In the Czech Republic, Easter is known as a time for eating. If you want to eat like a Czech this week, here is a handy guide to all the traditional dishes.Photo credit: Casadei Graphics,
Brno, Apr 6 (BD) – Easter is here again, and Brno will be celebrating both the start of spring and the Christian holiday remembering the resurrection of Jesus.
An Easter market is running on Namesti Svobody from 31 March to 9 April, with free concerts of folklore groups and dulcimer music. More information about the program can be found here.
However, in the Czech Republic, Easter is also notable as a time for eating. If you want to eat like a Czech this week, our partners at Foreigners.cz have prepared a handy guide to all the traditional dishes.
Easter began in the Czech Republic on Ash Wednesday, known in the Czech language as “škaredá středa” (Ugly Wednesday). On this day, it is common to prepare potato flatbreads and sweet or salty pancakes (a traditional Austrian recipe known as Kaiserschmarrn) and tear them into “ugly” small pieces.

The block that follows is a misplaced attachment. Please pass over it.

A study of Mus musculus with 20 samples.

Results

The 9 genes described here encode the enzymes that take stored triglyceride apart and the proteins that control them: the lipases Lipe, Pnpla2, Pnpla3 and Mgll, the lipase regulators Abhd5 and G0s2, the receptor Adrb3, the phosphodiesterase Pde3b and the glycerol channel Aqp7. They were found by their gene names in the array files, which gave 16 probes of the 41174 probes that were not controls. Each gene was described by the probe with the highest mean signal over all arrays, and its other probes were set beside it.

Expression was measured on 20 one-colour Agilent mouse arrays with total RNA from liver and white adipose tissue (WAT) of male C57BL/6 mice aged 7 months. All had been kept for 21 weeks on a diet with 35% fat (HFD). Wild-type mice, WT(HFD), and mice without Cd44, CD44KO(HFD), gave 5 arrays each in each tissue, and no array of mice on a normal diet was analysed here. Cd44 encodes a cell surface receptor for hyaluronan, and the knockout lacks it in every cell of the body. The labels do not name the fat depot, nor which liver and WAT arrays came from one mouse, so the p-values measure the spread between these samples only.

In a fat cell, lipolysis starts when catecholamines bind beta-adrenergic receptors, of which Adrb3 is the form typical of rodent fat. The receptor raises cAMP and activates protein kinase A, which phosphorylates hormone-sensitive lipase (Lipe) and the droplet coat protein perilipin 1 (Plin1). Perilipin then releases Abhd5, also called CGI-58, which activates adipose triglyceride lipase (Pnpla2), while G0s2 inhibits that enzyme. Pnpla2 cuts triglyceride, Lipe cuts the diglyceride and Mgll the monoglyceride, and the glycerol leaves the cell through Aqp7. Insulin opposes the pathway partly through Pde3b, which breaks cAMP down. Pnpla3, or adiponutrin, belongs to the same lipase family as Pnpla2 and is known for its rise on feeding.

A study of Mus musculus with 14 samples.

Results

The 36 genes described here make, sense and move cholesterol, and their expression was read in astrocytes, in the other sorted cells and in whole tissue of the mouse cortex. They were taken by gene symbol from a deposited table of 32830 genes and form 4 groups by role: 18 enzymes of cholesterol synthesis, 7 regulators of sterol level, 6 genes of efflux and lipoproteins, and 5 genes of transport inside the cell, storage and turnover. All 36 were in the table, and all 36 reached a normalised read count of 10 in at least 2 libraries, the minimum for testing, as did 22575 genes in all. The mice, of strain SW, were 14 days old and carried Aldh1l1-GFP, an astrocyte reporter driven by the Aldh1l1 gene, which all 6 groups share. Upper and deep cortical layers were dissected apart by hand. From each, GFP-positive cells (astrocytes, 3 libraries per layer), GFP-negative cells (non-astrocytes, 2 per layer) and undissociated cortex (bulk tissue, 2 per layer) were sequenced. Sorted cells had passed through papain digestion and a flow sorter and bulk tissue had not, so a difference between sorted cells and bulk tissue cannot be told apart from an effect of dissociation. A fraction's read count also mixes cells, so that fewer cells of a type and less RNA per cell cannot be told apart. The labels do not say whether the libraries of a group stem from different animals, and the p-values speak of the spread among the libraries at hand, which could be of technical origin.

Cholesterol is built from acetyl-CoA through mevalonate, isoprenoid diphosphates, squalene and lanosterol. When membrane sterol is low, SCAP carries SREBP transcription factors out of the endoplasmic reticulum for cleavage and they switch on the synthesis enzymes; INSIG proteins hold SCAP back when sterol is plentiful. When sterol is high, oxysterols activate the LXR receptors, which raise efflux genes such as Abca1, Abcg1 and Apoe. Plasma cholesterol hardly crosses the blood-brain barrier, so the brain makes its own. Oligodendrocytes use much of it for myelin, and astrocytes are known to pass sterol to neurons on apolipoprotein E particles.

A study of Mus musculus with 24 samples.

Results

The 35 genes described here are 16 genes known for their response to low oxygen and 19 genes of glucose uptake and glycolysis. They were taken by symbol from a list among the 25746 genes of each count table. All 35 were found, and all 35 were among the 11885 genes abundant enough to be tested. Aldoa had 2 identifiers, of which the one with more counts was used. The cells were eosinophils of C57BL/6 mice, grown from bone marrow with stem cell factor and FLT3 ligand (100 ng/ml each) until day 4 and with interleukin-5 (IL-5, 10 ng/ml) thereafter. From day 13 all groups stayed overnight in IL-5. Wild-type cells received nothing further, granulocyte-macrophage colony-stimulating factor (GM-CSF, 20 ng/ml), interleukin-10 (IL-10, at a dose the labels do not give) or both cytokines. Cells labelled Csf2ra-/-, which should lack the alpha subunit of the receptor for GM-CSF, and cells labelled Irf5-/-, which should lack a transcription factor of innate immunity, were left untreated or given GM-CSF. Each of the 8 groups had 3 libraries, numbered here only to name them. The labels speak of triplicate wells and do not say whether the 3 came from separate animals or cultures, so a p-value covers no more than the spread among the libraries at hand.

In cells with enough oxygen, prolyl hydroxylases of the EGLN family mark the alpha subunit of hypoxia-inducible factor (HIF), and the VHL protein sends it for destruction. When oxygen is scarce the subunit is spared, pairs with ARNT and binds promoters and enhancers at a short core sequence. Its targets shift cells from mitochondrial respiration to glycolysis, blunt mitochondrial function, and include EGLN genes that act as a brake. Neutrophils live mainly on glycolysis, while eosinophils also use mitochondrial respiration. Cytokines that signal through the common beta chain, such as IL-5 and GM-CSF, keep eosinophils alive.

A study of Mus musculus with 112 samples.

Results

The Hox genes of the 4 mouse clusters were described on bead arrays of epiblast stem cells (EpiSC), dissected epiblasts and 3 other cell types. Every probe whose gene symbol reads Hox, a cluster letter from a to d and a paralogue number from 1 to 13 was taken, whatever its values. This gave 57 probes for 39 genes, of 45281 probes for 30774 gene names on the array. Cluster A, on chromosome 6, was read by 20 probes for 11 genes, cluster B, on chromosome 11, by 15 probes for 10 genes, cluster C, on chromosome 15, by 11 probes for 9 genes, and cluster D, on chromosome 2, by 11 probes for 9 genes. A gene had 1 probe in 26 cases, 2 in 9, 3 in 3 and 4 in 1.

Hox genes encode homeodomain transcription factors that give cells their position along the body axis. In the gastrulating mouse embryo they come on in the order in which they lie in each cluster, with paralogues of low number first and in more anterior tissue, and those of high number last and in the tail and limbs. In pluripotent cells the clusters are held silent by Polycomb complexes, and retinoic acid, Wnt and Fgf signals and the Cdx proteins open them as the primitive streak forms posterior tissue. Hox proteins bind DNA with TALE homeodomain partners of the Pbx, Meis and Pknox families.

On Thursday, Czechs celebrate Green Thursday (“zelený čtvrtek”). Aside from the ubiquitous “green” beer, this is otherwise a day for eating healthy. One common dish for Green Thursday is spinach soup or sauce with potatoes and boiled egg, or roasted peas.
You can find a recipe for this healthy and easy-to-make spinach soup here.
Good Friday is the day of fasting, and according to Christian tradition, you should not eat any meat. If that sounds like too much of a challenge, you can eat meals prepared from fish. Poor people used to bake potato cakes in the shape of fish, and a dense soup of sour cabbage, beans, potatoes, and other basic ingredients was also commonly eaten on this day.
You can find a recipe for potato cakes here, and then cut them into any shape you like!
Holy Saturday is the day of a great feast. In the evening, whole families get together around the table and eat a big meal of several courses. Two of the most typical dishes are Mazanec (sweet bread) and Easter stuffing with meat, called Nádivka.
Then on Easter Sunday, many Czechs eat strong meat broth, followed by roasted meat. Traditional sweet cake in the shape of a lamb (“velikonoční beránek”) should also be on the table.
You can find out how to make this “lamb” cake here.
The celebration ends on Easter Monday, when people eat eggs as a symbol of fertility, whether fried, boiled, stuffed, or in a traditional spread (“Vajíčková pomazánka”), made of eggs, mustard, spring onion, and butter or yoghurt.